As much of learning for students has moved to online spaces, even when physically in school, the same is true for teachers as lifelong learners.
This blueprint provides four simple steps that can be used to co-craft professional development opportunities with and for teachers within online spaces, in which they learn and build new skills as well as interact with tools that can be used in their own pedagogical practice, all while having a meaningful role in the process.
1: Assess Actual Needs
Similar to starting in-person PD, for online PD determine what topics or skills teachers need to work on to support their efforts. Instead of deciding these topics with administration, use an online tool such as Google Forms (opens in new tab) to survey teachers regarding what topics they’re interested in learning more about. Teachers know it is best practice to approach instruction by connecting to students’ interests, and the same should be done for deciding on foci for PD.
2: Include Teachers in Preparations
After the needs assessment survey has revealed the topic or skill that teachers would like to focus on during PD, seek out educators who are interested in leading or collaborating to craft parts of the learning. While it is sometimes necessary to bring in outside consultants and experts, teachers already have a strong knowledge base that can be leveraged. Using an online curation tool such as Wakelet (opens in new tab) can provide a space for teachers to contribute materials and content for the PD, without having to constantly find time to meet.
Now that teachers, in concert with administration and/or external consultants, have put together materials, use an online meeting room such as Zoom to hold the interactive online PD. Zoom allows for verbal communication through the microphone and nonverbal through emojis indicating likes, claps, etc., so teachers can continuously be part of the sessions, as opposed to just listening to someone talk to them in person.
During the PD, smaller groups can gather in breakout rooms to discuss topics more in depth. This also is a good opportunity to pair teachers in similar grade bands and/or subject areas, or to group teachers with those they do not typically work with, which can provide fresh perspectives.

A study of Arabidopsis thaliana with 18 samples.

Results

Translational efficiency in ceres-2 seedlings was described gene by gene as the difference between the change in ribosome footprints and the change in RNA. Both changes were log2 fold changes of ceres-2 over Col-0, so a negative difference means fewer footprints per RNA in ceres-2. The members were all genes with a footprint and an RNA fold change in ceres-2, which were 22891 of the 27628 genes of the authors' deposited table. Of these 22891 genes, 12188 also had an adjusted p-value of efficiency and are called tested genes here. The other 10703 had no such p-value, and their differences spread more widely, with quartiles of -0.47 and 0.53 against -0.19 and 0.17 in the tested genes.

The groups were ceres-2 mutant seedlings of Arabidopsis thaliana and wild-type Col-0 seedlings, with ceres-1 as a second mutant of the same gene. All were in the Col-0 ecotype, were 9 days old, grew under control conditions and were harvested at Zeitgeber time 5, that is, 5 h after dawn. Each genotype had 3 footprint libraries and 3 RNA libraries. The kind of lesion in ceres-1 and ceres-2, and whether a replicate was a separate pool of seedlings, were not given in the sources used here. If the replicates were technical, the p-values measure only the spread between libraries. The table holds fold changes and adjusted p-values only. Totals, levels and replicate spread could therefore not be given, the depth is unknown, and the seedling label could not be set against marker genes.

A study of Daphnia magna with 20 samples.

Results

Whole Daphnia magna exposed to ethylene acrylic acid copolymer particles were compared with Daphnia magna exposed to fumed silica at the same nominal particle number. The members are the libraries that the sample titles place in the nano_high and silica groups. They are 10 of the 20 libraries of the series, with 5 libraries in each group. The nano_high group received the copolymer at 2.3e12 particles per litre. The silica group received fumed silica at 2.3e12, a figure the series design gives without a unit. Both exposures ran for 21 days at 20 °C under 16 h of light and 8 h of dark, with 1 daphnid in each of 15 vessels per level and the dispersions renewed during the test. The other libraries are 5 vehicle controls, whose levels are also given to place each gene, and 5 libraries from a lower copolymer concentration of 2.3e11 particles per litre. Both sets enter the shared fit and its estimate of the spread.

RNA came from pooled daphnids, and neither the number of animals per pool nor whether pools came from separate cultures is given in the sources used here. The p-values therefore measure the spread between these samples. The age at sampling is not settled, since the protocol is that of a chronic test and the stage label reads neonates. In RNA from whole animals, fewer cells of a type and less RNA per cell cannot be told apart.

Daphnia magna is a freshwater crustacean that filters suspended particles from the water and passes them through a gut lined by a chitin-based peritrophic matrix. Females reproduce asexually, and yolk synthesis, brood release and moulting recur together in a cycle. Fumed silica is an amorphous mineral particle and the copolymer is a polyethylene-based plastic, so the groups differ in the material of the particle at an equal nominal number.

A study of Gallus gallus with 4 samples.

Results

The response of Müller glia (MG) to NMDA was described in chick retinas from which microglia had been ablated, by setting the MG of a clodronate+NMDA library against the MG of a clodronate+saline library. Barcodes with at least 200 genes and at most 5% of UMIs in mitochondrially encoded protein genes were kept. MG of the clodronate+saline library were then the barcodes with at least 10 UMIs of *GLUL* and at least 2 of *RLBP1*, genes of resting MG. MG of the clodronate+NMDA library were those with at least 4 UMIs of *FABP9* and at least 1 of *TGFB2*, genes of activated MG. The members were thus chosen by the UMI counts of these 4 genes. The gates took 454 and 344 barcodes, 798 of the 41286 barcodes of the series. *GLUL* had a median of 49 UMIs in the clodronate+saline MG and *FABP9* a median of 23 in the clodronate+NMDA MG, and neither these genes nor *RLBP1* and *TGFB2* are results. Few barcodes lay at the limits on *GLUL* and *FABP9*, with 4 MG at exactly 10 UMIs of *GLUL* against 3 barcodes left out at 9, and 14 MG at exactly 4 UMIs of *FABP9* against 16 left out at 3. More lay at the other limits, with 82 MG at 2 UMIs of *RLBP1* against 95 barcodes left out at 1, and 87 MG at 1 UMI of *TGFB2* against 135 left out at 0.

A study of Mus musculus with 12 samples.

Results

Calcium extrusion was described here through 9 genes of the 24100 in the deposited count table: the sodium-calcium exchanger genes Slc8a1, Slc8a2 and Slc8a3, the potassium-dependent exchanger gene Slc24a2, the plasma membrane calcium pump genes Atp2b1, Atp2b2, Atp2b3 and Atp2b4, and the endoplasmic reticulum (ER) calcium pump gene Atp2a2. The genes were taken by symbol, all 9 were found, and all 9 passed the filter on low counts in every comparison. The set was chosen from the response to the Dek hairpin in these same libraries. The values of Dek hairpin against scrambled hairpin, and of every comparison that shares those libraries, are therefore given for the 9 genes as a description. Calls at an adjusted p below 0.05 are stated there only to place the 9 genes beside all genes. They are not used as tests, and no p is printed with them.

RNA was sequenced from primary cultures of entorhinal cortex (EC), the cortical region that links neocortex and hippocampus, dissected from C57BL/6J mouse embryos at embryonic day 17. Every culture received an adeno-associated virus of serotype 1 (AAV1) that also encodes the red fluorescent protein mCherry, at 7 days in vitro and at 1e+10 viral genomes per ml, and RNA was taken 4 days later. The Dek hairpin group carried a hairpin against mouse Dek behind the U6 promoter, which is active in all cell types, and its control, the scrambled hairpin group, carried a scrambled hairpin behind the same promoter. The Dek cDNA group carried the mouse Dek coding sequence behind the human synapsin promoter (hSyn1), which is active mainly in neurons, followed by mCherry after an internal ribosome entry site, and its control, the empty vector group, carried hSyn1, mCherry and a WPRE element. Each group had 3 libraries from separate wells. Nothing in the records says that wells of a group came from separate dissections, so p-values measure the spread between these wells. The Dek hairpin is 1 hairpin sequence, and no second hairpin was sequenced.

Teachers can also participate with the chat option, and facilitators can use polling to keep participants engaged. Plus, with the transcription features of Zoom, there will be a written documentation of the PD that can be referred to in the future and to be maintained in files.
Finally, the share screen feature of Zoom will allow you to add video, readings, websites, and a variety of other content that can increase engagement. Just like with students, it is important to constantly stop and ask questions, have polls ready, take advantage of the break out rooms, and provide opportunities to contribute and share experiences throughout the PD to help keep everyone involved.
4: Plan for Translating Learning into Practice
Toward the end of the PD, time should be allotted to allow teachers to start planning how they will integrate what they have learned into their own teaching. This can be done as a reflection piece – for this exercise it may be helpful to have teachers split up into even smaller breakout rooms so they can have a colleague or two available for brainstorming.
While attending PD may not be at the top of teachers’ bucket list, designing interactive and engaging online PD can be something that is enjoyable to teachers. Most importantly, when done correctly, teachers can leave online PD with a plan that can support the overall success of students.